June 30, 2021
What you need to know about the Illiterate’s Protection Act, Cap 78
This Act was revised and consolidated by the Law Reform Commission of Uganda and last updated on 31 December 2000. This is the law for the protection of illiterate persons
Major Highlights of the bill
- The Act provides for the verification of the signature of illiterates. It stipulates that no person shall write the name of an illiterate by way of signature to any document unless such illiterate shall have first appended his or her mark to it, and any person who so writes the name of the illiterate shall also write on the document his or her own true and full name and address as a witness. This shall imply as a statement that he or she wrote the name of the illiterate by way of signature after the illiterate had appended his or her mark, and that he or she was instructed so to write by the illiterate and that prior to the illiterate appending his or her mark, the document was read over and explained to the illiterate.
- The Act provides for the verification of documents written for illiterates; any person who shall write any document for or at the request, on behalf or in the name of any illiterate shall also write on the document his or her own true and full name as the writer of the document and his or her true and full address. This implies that he or she was instructed to write the document by the person for whom it purports to have been written and that it fully and correctly represents his or her instructions and was read over and explained to him or her.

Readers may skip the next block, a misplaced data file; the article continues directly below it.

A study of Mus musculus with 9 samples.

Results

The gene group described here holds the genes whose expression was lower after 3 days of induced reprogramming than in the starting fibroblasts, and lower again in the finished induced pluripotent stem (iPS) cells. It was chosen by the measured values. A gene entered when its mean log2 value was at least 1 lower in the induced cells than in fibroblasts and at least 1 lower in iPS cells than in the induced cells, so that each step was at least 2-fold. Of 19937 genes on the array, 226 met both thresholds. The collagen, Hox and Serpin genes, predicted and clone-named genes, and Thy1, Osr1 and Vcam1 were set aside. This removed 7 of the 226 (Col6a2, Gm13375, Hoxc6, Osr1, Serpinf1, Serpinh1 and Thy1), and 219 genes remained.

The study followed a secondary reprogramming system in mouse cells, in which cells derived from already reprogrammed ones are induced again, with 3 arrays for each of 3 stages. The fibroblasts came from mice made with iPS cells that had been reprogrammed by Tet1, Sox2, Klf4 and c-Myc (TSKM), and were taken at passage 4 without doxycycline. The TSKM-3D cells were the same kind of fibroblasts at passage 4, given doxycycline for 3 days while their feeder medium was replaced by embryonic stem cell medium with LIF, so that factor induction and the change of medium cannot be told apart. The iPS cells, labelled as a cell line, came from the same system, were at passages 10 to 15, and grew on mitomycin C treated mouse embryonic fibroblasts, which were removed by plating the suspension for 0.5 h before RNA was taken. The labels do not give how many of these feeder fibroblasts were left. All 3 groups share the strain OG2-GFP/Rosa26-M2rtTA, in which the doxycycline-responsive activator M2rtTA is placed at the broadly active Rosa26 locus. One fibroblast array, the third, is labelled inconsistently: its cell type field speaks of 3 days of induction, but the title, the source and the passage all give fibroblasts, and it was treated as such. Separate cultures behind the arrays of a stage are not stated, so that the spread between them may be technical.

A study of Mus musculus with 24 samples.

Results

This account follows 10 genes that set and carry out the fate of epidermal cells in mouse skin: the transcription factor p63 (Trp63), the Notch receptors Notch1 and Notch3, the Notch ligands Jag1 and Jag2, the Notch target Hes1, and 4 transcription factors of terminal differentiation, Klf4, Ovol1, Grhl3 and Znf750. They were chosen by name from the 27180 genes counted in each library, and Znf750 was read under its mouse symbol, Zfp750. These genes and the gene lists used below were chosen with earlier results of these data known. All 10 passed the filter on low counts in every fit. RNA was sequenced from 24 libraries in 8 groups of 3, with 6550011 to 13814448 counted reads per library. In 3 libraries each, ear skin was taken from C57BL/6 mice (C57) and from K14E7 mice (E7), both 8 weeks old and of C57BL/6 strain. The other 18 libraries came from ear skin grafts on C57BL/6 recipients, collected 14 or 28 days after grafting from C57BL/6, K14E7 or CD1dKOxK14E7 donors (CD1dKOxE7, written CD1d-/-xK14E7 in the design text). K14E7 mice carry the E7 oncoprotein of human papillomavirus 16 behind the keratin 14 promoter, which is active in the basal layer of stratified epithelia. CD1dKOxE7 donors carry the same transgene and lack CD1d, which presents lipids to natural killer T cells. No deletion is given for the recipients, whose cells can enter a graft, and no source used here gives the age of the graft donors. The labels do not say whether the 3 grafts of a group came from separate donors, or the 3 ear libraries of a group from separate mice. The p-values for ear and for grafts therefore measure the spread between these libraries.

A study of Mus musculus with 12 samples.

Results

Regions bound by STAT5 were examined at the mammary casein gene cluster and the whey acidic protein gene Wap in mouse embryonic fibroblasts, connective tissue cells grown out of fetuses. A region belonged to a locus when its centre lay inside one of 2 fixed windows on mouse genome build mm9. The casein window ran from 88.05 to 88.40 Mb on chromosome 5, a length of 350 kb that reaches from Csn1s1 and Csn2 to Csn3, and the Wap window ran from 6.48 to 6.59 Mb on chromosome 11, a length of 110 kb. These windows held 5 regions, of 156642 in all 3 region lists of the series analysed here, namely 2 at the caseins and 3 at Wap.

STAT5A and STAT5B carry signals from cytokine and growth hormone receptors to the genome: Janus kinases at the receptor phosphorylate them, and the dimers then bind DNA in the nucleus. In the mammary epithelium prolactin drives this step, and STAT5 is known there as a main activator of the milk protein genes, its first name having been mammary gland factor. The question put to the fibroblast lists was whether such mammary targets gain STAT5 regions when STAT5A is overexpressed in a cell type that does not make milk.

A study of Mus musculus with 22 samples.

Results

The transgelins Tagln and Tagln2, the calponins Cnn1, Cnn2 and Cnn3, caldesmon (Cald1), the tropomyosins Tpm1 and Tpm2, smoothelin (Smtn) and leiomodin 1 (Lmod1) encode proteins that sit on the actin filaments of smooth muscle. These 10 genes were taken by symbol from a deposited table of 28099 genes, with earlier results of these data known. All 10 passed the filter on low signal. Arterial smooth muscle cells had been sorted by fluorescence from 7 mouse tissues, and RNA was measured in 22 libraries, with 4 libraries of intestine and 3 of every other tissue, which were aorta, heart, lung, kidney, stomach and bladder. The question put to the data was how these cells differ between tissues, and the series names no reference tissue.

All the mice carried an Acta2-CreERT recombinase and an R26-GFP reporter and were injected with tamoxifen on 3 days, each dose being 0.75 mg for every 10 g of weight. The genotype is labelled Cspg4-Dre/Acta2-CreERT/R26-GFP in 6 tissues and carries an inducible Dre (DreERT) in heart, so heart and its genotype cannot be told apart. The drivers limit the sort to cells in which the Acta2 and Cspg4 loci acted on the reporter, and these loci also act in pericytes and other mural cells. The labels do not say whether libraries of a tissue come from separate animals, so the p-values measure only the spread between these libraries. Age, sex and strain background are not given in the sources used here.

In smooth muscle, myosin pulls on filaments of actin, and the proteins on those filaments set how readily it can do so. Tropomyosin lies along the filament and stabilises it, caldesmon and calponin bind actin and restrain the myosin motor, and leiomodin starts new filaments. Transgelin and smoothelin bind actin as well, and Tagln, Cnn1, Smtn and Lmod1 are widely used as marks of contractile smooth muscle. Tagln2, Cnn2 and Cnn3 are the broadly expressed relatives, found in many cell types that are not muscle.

- The Act creates offence and penalty where, if the writer of or witness to the signature on any document fails to write on it his or her true and full name and address or if he or she has done so and the statement which under this Act is implied by the writing is untrue in any particular, then and in every such case the person commits an offence and is liable on conviction to a fine not exceeding three hundred shillings, or in default of payment to imprisonment for a period not exceeding three months. Notably is the fact that this is without prejudice to any criminal or civil liability which he or she may have incurred in the circumstances by reason of fraud, forgery, misrepresentation or otherwise.
In the case of Stanbic Bank Uganda Ltd V Ssenyonjo Moses Civil Appeal No. 147 of 2015, Court further discusses the instances where a contract can be set aside for breach of the Illiterates Protection Act, Cap 78.